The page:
Maybe you’ve got a great idea or have tirelessly worked on a project in your spare time and you want it to be useful to others. Before you get started hosting your model on Algorithmia there are a few things you’ll want to do first:

Train your model.

Say you have a model that predicts the gender of a name. You’ve discovered the features you want to include, you’ve done some data processing and have trained your model and validated it. You’re happy with your results and now need to pickle the trained model so you can upload it to Algorithmia.

Pickle your trained model.

Various programming languages have different picklers to choose from. To prepare your model for uploading via our Data API, pick a pickler and save the pickled model locally.

Create a Data Collection

Now you’ll want to create a data collection to host your pickled model.

  • To use the Data API, log into your Algorithmia account and create a data collection via the Data Collections page.

  • Click on “Add Collection” under the “My Collections” section on your data collections page.

  • After you create your collection you can set the read and write access on your data collection. For more information check out: Data Collection Types

Create a data collection

Upload your Model into a Collection

Next, upload your pickled model to your newly created data collection.

  • Load model by clicking box “Drop files here to upload”

  • Note the path to your files: data://username/collections_name/pickled_model.pkl

Create a data collection

Create your Algorithm

Creating your algorithm is easy!

  • To add an algorithm, simply click “Add Algorithm” from the user profile icon.
  • Name your algorithm, select the language, choose permissions and make the code either open or closed source.

Note: There is also a checkbox for ‘Standard Execution Environment’ or ‘Advanced GPU’. For machine learning models you will want to check ‘Standard Execution Environment’.

Create your algorithm

Set your Dependencies

Now is the time to set your dependencies that your model relies on.

  • Click on the “Dependencies” button at the top right of the UI and list your packages under the required ones already listed and click “Save Dependencies” on the bottom right corner.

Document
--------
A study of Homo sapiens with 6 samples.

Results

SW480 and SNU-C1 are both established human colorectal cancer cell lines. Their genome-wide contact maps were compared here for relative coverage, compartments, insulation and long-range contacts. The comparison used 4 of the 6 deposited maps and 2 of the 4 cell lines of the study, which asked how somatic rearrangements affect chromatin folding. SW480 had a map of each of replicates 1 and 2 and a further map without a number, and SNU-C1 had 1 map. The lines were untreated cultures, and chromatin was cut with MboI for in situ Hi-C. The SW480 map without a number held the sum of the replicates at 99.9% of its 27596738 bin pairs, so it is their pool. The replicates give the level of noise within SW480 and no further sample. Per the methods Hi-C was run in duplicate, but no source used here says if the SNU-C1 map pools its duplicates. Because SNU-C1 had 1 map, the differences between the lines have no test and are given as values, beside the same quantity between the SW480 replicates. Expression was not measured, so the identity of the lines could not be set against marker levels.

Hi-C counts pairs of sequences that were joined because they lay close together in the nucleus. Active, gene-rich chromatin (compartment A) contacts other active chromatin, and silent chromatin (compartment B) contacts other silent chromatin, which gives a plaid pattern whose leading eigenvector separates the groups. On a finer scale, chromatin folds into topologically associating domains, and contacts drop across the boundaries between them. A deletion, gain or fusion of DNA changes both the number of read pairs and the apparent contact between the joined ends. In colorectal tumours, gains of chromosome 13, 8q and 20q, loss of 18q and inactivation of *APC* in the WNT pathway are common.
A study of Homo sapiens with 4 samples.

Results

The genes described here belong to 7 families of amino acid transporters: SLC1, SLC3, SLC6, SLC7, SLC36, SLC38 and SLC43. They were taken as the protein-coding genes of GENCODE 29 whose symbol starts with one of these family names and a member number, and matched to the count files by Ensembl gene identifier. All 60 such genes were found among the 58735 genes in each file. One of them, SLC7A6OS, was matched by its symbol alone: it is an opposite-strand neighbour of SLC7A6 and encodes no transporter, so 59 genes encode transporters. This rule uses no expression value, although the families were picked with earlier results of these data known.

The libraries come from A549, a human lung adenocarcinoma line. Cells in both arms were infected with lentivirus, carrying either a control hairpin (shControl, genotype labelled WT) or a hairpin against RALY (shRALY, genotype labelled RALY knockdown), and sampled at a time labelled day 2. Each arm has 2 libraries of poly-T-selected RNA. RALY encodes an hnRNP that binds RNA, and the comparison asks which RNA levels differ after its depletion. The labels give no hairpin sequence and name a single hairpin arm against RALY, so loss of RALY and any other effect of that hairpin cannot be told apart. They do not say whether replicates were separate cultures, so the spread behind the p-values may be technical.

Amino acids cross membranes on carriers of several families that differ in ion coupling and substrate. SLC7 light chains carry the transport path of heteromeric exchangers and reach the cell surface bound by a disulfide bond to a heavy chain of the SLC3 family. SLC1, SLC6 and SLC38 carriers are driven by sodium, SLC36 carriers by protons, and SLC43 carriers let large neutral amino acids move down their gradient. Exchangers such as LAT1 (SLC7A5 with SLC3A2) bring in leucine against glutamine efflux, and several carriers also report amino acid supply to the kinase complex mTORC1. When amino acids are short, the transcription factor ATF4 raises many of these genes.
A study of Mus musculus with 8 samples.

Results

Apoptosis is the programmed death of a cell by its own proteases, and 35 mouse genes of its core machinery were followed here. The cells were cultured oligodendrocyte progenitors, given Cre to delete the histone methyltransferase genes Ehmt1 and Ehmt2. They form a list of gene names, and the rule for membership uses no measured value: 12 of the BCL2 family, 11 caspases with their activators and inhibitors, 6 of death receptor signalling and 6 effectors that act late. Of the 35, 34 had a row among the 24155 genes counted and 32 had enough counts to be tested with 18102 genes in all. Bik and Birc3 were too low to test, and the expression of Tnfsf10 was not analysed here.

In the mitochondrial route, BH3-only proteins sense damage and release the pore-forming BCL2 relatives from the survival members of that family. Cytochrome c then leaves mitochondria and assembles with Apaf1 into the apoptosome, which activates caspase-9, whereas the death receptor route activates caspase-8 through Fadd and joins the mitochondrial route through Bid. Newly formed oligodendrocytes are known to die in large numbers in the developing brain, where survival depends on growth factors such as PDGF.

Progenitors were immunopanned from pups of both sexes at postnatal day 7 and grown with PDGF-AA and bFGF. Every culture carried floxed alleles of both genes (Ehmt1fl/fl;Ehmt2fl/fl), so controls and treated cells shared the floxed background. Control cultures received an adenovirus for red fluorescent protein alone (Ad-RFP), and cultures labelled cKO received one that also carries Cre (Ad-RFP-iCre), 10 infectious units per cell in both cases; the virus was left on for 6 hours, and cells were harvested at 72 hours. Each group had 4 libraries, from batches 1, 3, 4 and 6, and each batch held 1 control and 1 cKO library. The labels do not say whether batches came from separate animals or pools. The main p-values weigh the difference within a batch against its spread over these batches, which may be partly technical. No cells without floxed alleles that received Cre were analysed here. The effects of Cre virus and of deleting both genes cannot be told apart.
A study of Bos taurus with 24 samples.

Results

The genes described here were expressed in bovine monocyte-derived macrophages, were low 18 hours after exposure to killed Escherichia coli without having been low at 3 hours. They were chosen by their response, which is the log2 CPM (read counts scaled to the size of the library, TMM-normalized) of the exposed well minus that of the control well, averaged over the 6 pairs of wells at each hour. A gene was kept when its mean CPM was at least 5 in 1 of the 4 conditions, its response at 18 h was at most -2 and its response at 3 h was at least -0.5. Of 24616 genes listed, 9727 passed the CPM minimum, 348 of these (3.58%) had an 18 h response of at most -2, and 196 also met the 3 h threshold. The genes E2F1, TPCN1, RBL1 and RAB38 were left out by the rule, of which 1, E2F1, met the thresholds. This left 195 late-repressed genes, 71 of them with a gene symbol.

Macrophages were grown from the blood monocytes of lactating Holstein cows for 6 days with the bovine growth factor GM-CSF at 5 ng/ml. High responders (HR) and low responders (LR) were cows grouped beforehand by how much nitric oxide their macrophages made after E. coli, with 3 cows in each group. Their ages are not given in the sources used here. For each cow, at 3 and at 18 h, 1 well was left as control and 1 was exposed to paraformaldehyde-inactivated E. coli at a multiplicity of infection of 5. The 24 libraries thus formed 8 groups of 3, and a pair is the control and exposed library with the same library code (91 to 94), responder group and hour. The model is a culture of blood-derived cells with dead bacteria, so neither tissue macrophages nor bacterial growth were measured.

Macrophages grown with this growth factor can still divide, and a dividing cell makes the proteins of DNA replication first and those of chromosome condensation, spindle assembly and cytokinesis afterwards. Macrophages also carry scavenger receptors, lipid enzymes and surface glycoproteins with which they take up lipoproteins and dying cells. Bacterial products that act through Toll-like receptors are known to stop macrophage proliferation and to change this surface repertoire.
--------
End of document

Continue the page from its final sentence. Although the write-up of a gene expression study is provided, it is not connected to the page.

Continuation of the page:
Set your dependencies

Load your Model

Here is where you load your pickled model that is to be called by the apply() function. Our recommendation is to preload your model in a separate function before apply(). The reasoning behind this is because when your model is first loaded it can take some time to load depending on the file size. However, with all subsequent calls only the apply() function gets called which will be much faster since your model is already loaded!

Here is some code that has been adapted from the NLTK online books tutorial Learning to Classify Text

NLTK algorithm to label names female or male based on last letter of names

Input: String
Note when testing in console do not add quotations to input since
it counts the quotations as part of the input.

import Algorithmia
import csv
import pickle

client = Algorithmia.client()

def load_model():
    # Get file by name
    # Open file and load model
    file_path = 'data://stephanie/demos/gender_model.pkl'
    model_path = client.file(file_path).getFile().name
    # Open file and load model
    with open(model_path, 'rb') as f:
        model = pickle.load(f)
        return model

# Load model outside of apply function
# This gets loaded once when called outside the apply function
classifier = load_model()

def gender_features(word):
    # Last letter as feature
    print("word", word[-1])
    return {'last_letter': word[-1]}

def apply(input):
    name = input
    model = classifier.classify(gender_features(name))
    output = {'gender': model}
    return output

If you are authoring an algorithm, avoid using the ‘.my’ pseudonym in the source code. When the algorithm is executed, ‘.my’ will be interpreted as the user name of the user who called the algorithm, rather than the author’s user name.

Publish your Algorithm

Last is publishing your algorithm. The best part of hosting your model on Algorithmia is that users can access it via an API that takes only a few lines of code to use! Here is what you can set when publishing your algorithm:

  • Set version permissions to public or private use

  • Set it to royalty free or set to per-call royalty

  • Set access permissions to have full access to the internet and ability to call other algorithms

For more information and detailed steps: creating and publishing your algorithm

Publish your algorithm

Working Demo

If you would like to check this demo out on the platform you can find it here: NLTK-demo

That’s it for hosting your nltk model on Algorithmia!